Q: I recently purchased an attractive plant from a hardware store. The clerk knew nothing more than that it was a pepper. It has dark green leaves, purple flowers and purple fruit. I’ve tried to research it on the Internet and think it is a Tepin pepper, reputed to be the hottest in the world. What do you know about purple peppers?
A: As a child, I was scarred for life when I took a bite of dried jalapeno pepper. I distinctly remember running to a nearby metal cabinet and licking it frantically to get the fiery taste out of my mouth. Your question, though, caused me to venture into my garden to do a taste test.
I’d planted a purple-leaved ornamental pepper this spring because it caught my eye in a garden center. Believing it to be similar to yours, I took a small bite of the fruit. It was hot…but not so hot that my dentures melted.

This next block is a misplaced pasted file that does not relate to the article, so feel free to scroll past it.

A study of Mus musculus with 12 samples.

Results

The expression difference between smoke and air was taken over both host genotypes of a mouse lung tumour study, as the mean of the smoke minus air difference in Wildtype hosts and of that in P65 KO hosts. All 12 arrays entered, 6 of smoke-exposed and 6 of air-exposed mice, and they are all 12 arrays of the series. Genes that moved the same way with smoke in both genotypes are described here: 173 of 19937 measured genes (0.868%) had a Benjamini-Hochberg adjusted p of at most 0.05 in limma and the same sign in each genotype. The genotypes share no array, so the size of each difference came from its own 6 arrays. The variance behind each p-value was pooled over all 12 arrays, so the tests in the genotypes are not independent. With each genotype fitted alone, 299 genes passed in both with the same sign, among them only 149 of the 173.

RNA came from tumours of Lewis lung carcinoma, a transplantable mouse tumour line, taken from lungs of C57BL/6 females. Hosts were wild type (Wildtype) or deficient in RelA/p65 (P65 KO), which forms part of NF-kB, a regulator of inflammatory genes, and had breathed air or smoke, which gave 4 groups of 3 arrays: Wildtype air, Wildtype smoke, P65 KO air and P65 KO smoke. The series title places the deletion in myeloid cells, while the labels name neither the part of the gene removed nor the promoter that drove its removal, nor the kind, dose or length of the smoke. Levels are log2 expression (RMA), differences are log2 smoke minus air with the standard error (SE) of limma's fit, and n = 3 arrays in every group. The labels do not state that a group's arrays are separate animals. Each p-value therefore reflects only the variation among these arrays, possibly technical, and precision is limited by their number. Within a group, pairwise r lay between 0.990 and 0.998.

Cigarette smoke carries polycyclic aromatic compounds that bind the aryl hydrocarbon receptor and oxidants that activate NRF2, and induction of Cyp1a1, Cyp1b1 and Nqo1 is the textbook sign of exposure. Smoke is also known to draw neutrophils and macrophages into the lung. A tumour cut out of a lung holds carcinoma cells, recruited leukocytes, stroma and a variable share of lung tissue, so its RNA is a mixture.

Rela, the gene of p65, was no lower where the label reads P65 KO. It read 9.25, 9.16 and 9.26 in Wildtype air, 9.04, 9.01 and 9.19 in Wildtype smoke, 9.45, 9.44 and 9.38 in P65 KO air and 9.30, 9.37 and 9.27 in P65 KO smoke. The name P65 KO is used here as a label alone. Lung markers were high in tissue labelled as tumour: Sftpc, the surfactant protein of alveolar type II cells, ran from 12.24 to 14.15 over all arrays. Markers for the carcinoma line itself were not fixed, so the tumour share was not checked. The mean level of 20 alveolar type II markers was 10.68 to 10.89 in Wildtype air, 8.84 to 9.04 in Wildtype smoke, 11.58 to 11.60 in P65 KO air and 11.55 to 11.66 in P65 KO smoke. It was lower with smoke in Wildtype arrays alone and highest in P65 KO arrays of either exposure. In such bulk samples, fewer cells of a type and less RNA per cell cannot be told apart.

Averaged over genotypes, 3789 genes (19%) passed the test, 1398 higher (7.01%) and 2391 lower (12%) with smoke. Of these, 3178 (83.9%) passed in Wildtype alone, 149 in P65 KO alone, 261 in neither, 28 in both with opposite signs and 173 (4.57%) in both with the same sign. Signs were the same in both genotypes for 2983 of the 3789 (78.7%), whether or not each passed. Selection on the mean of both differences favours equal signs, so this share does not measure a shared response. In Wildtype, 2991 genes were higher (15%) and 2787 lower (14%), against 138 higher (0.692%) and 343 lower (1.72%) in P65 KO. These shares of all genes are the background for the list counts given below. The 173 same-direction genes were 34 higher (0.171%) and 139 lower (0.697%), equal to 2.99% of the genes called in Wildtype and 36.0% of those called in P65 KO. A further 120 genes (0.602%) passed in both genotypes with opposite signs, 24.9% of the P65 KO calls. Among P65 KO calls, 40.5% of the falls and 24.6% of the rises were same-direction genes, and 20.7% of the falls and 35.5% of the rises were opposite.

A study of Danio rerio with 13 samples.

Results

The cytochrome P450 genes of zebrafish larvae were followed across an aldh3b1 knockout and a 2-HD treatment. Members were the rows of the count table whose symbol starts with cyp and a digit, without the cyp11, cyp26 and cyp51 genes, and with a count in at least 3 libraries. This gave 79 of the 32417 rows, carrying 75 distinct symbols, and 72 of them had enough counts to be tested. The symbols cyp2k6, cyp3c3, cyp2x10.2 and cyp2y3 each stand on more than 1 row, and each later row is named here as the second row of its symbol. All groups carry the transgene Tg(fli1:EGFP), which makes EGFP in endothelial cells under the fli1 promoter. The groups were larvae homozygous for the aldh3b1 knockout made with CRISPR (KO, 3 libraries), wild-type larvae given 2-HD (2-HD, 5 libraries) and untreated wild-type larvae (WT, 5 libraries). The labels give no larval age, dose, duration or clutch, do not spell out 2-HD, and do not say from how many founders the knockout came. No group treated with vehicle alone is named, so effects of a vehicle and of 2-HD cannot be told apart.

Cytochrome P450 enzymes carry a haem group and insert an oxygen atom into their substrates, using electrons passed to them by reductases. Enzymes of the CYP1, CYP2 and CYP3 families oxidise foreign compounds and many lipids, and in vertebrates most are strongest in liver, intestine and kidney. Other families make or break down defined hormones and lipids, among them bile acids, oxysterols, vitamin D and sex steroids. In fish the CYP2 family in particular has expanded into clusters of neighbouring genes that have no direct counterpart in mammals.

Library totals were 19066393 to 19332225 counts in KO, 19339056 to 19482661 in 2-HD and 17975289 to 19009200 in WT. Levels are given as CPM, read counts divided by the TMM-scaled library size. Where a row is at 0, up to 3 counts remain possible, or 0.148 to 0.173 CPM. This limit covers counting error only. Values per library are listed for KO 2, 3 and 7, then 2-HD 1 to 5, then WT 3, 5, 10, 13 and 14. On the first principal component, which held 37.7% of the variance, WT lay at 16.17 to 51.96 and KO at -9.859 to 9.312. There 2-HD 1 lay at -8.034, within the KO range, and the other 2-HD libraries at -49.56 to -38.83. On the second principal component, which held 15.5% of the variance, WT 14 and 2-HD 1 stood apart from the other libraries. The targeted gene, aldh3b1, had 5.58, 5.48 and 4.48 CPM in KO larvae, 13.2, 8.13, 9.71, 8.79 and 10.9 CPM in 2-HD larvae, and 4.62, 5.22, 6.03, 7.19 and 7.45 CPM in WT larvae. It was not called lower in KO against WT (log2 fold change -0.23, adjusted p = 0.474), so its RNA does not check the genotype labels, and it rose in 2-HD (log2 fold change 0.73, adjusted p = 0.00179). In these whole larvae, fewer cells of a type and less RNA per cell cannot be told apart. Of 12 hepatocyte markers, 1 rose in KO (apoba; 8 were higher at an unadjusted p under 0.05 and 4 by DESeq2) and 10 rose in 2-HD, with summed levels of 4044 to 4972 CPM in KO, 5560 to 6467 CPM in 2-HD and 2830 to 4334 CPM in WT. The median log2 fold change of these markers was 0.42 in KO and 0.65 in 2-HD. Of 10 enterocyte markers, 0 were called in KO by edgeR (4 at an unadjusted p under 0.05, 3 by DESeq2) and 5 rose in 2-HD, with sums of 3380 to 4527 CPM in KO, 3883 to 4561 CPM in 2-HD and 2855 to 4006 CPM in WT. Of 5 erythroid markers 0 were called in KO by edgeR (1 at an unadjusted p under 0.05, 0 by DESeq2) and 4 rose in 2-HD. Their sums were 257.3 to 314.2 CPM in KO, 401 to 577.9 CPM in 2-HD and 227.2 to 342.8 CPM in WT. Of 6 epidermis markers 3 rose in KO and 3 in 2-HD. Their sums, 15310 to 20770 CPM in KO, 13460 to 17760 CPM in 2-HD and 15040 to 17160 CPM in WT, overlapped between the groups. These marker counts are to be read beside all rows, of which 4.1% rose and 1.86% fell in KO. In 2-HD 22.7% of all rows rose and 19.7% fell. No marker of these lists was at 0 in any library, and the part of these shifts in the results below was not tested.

Since your plant has green leaves, not purple, I think it is the ‘NuMex Centennial’ variety. This was one of the first ornamental/edible chili peppers released by New Mexico State University. If purple, red and yellow fruit are on the fruit at the same time it could be the ‘NuMex Twilight’ variety. My purple-leaved pepper, on the other hand, is probably the ‘Pretty Purple’ variety. The fruit originates purple but changes to red when it is mature. ‘Tepin’ pepper is indeed very hot but the plant is so sprawling it’s unlikely to be found at a nursery.
With pepper-type plants it is good to ask before you eat. Dr. Wayne McLaurin, a University of Georgia vegetable specialist who never saw a hot pepper he didn’t like, points out that if a pepper is pointed it is probably edible. Marble-shaped, multi-colored fruit however might be those of Jerusalem cherry, which is poisonous.